Much like his father-in-law, White House adviser Jared Kushner struggles with telling the truth when he’s asked about his activities, meetings, business deals, or just about anything else, and that proclivity for lying has landed him in some very hot water legally.
You probably recall that Kushner was unable to get a top secret security clearance because he had too many business connections to countries such as Russia, Saudi Arabia, and the United Arab Emirates, which made him vulnerable to blackmail or manipulation by those nations.
Part of Jared’s paperwork to receive a security clearance (which was later granted to him unilaterally by President Donald Trump over the objections of top intelligence officials) is a form known as SF-86, which is a questionnaire in which a government official lists all of his contacts with foreign officials. Kushner had to repeatedly revise his SF-86 because (oops!) he forgot to disclose meetings with the former Russian ambassador, some bigwigs who control Russian banks, and that infamous meeting with Russian nationals held at Trump Tower in June of 2016 to get “dirt” on Hillary Clinton.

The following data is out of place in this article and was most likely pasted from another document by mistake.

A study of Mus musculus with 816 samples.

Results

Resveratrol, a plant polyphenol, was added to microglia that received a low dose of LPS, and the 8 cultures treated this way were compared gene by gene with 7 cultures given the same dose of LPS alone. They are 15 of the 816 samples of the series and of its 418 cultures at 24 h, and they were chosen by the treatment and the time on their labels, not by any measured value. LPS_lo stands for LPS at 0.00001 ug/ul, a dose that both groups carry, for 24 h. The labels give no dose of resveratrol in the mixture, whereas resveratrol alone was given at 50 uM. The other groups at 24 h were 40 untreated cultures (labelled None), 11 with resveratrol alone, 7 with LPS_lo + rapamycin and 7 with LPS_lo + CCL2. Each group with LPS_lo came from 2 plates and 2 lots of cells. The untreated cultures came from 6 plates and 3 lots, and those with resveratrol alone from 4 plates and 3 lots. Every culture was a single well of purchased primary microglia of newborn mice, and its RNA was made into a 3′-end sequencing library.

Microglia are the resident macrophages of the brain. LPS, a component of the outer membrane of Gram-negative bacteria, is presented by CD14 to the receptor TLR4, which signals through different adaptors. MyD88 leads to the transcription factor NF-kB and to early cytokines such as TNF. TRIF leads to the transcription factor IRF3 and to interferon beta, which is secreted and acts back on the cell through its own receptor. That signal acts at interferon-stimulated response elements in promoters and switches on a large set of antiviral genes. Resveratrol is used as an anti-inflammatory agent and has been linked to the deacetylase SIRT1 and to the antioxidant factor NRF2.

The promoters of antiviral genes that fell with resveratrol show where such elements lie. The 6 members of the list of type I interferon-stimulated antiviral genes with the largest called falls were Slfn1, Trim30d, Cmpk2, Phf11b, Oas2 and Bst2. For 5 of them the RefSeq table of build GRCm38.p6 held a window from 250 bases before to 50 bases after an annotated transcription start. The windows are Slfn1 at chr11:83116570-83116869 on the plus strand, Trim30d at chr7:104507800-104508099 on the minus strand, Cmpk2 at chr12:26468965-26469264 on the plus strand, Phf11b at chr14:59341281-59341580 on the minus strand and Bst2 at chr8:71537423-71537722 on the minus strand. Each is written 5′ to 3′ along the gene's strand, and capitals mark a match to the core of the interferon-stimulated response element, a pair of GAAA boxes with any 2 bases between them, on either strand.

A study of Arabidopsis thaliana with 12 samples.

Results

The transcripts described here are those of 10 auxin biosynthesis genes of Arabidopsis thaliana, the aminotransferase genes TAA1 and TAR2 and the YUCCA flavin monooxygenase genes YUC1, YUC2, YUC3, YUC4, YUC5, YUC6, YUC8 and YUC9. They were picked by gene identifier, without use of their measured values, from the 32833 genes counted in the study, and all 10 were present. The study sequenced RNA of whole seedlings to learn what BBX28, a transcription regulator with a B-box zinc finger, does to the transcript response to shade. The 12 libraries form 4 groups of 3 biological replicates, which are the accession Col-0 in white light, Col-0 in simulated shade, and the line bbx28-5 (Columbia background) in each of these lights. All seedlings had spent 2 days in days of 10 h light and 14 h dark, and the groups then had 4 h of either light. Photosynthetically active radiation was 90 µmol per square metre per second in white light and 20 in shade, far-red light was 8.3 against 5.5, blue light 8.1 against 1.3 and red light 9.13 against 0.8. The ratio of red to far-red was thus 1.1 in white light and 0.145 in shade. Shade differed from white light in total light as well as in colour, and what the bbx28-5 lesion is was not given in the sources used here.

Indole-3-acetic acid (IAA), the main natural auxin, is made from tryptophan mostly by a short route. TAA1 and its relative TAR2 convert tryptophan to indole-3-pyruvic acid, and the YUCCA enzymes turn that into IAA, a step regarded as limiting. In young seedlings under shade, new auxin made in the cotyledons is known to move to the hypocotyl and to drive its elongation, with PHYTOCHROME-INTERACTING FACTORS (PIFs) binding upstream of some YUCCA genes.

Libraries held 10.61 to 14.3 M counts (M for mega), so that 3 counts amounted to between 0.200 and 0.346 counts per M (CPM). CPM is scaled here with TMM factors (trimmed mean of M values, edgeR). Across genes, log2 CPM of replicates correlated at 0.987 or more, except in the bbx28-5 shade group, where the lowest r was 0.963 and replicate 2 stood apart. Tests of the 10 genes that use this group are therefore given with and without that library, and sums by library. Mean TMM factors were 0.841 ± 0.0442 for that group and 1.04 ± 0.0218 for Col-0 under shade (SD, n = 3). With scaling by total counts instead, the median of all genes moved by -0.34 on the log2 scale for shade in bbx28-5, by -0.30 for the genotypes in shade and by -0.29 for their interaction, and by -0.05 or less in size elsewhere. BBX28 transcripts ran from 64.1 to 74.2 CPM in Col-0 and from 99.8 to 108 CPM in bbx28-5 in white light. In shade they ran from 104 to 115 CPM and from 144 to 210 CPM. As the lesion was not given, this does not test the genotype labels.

As a result of his failure to tell the truth on his security clearance form, two Democratic members of Congress have referred Kushner’s case to the Department of Justice for criminal charges. One of those Congressmen, Don Beyer (D-CA), posted his letter to the DOJ on Twitter:
The cloud of scandal and lies around Jared Kushner keeps getting worse. @tedlieu and I are asking the Justice Department to "open an immediate investigation to determine if Mr. Kushner is criminally liable for his false statements." pic.twitter.com/lPMscK7PxC
— Rep. Don Beyer (@RepDonBeyer) March 5, 2019
Granted, the likelihood that Attorney General William Barr will allow Kushner to be prosecuted is remote, but that doesn’t get him off the hook when it comes to being charged and indicted, because a new attorney general in a new, Democratic administration can still bring those charges against Jared.
Additionally, the state of New York may also be able to charge Kushner for that Trump Tower meeting and other related crimes associated with his business dealings, which are headquartered in the state. And that could mean a long prison sentence for Jared.
So while Kushner and other members of the Trump family may have managed to wriggle out of trouble in the Mueller investigation, karma is far from finished with them.
In other words, Jared might want to start thinking about finding a country that doesn’t have an extradition treaty with the United States for his next vacation.